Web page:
CFMU Operations Room in Brussels (photo: Eurocontrol)
Tue 9 Feb 2010 – French-based Egis Avia has been awarded a contract by Eurocontrol to study the integration of a greenhouse gas emissions assessment feature for the optimization of Air Traffic Flow and Capacity Management (ATFCM) network operations provided by Eurocontrol’s Central Flow Management Unit (CFMU). The CFMU acts as an interface between the airspace users – who file the flight plans – the airports and the air navigation service providers (ANSPs) that provide Air Traffic Control (ATC) and other related services. The objective of the study is to raise the CFMU’s role in allowing all stakeholders to understand the impact of their decisions on the environment, particularly emissions.
Egis Avia says regulation and flight planning activities do not currently take into account their environmental impacts at CFMU level. The objectives of this study, to be carried out with ENVISA, are to:
· investigate the possible synergies with emission model modules already developed by Eurocontrol and their potential inclusion in air traffic flow organization;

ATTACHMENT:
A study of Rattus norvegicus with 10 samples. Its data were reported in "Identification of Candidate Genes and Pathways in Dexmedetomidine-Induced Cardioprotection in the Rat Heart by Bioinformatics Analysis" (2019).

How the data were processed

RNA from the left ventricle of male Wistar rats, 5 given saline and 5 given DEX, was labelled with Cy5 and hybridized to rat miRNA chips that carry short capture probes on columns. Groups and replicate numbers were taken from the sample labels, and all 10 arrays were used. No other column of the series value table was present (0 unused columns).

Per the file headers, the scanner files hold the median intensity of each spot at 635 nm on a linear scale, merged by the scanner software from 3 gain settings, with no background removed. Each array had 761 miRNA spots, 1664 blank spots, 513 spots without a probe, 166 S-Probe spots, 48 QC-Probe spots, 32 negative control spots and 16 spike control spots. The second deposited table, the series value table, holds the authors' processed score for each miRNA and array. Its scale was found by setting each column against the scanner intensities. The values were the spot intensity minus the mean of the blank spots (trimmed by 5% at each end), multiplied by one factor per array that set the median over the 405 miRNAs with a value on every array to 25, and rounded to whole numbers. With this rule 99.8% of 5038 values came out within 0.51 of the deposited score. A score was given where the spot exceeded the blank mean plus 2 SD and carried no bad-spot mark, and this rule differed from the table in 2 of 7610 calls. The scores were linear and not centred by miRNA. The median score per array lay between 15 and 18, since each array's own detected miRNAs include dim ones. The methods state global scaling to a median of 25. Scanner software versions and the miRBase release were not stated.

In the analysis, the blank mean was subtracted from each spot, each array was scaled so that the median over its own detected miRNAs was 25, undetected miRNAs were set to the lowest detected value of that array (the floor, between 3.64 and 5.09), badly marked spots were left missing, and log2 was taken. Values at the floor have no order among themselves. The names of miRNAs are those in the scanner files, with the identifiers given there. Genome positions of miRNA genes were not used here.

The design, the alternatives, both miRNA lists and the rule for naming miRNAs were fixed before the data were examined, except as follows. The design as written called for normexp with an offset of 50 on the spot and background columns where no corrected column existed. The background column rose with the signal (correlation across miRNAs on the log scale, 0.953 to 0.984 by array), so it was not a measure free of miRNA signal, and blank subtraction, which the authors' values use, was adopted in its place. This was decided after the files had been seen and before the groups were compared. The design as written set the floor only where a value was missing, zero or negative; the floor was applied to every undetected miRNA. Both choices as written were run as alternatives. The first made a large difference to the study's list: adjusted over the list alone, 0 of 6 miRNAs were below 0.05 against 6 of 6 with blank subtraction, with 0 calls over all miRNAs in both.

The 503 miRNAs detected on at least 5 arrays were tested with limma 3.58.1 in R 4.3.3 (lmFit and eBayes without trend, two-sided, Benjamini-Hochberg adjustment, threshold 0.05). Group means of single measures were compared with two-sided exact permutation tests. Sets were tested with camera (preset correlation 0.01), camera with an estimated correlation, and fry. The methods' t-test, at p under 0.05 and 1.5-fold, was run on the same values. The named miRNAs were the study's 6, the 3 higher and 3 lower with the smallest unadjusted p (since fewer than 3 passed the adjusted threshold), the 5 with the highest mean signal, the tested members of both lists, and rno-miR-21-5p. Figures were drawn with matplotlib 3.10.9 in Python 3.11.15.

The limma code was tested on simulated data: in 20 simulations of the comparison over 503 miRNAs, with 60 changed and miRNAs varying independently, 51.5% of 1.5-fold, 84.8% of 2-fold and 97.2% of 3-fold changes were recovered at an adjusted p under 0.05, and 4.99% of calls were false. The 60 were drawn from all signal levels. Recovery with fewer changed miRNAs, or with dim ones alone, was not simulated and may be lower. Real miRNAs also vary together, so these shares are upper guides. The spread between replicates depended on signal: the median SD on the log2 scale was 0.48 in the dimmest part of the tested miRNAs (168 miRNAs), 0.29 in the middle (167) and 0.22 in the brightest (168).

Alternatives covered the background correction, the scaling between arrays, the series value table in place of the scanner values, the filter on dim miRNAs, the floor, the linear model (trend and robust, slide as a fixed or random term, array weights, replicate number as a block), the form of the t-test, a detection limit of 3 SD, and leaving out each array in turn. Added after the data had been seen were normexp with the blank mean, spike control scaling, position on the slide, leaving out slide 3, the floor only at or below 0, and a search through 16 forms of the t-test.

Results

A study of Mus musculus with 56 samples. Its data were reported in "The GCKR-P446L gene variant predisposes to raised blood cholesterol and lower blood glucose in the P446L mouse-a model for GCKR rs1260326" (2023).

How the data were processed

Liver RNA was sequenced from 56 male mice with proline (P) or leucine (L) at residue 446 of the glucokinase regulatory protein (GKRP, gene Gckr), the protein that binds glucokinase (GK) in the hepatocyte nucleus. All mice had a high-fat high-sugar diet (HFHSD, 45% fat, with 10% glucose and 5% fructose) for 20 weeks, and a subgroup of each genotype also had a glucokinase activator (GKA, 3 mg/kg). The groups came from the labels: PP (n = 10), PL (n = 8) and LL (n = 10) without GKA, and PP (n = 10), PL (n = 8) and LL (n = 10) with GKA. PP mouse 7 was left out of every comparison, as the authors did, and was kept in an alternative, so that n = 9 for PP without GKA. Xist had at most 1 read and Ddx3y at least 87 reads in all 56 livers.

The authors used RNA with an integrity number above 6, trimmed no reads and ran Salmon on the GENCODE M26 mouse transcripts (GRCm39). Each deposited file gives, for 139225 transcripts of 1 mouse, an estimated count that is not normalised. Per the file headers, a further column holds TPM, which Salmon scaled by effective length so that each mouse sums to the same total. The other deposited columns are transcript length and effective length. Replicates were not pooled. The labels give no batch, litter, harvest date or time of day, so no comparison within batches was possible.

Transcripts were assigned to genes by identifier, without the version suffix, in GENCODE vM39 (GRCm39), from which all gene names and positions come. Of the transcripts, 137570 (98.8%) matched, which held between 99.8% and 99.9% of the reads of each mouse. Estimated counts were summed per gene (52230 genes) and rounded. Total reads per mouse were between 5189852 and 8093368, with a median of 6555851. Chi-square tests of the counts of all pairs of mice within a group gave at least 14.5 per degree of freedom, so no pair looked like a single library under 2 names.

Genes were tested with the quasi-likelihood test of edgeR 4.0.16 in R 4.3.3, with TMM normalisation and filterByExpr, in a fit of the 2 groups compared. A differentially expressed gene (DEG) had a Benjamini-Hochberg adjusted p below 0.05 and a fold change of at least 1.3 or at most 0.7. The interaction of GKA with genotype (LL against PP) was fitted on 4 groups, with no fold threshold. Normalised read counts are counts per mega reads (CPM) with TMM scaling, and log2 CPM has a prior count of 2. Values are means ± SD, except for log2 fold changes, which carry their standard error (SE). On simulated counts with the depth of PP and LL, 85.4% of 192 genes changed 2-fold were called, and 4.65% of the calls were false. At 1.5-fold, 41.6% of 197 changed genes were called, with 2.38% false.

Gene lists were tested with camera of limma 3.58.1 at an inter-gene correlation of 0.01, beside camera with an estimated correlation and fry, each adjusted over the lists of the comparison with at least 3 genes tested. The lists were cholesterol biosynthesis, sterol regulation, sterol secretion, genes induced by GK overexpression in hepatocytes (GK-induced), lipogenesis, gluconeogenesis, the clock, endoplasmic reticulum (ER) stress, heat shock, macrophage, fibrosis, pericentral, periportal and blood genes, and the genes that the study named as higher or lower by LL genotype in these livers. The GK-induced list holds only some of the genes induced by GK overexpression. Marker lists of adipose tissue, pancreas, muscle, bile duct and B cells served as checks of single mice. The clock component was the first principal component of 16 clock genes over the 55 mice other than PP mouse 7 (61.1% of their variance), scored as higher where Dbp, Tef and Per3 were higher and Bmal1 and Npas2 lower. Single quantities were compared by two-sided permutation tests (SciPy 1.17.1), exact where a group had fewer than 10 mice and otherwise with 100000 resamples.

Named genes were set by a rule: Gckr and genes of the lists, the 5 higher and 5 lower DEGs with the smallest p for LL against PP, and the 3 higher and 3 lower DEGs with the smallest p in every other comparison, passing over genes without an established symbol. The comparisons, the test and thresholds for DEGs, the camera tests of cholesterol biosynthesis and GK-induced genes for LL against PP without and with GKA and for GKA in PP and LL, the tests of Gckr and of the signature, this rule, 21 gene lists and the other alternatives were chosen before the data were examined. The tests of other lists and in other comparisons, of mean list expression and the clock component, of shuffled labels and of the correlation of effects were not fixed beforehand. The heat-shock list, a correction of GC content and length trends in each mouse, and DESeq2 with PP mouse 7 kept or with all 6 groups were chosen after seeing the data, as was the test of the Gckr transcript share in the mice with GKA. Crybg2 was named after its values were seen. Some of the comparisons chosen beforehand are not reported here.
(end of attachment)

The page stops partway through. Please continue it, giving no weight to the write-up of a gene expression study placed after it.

· develop an operational concept of the integration of the emissions dimension within ATCFM network operations; and
· draw up a business case and cost/benefit analysis of the project.
Any aircraft using Air Traffic Control has to file a flight plan and send it to the CFMU for analysis and processing. Sophisticated computers used by the CFMU calculate exactly where an aircraft will be at any given moment and check that the controllers for that airspace can safely cope with the flight. If they cannot, the CFMU proposes solutions such as re-routing, and if this is not possible, the aircraft has to wait on the ground until a slot becomes available.
The objective of ATFCM is to contribute to a safe, orderly and expeditious flow of traffic by ensuringthat ATC capacity is used to the maximum while ensuring that thetraffic volume never exceeds the capacity declared by the responsibleATC authority.
In 1989, 25% of all European flights suffered delays of 15 minutes or more because of ATC problems. By 2007, thanks to the CFMU, the percentage had fallen to 5%. According to Eurocontrol, through the reduction of delays, the CFMU saves airspace users around 2.5 million minutes every year. If there were no CFMU, it has been estimated that delays would be three times more than they are today and would cost airspace users over €1.5 billion ($2bn).
The CFMU already saves roughly 300,000 tonnes of fuel and almost 1.6 million tonnes of carbon dioxide emissions every year through keeping aircraft on the ground with their engines switched off until they have a slot. With the future introduction of the Single European Sky, the CFMU is expected to play a key role in monitoring air traffic flows, advising on the use of more efficient routes and, possibly, alerting States if flight plans deviate from environmental objectives.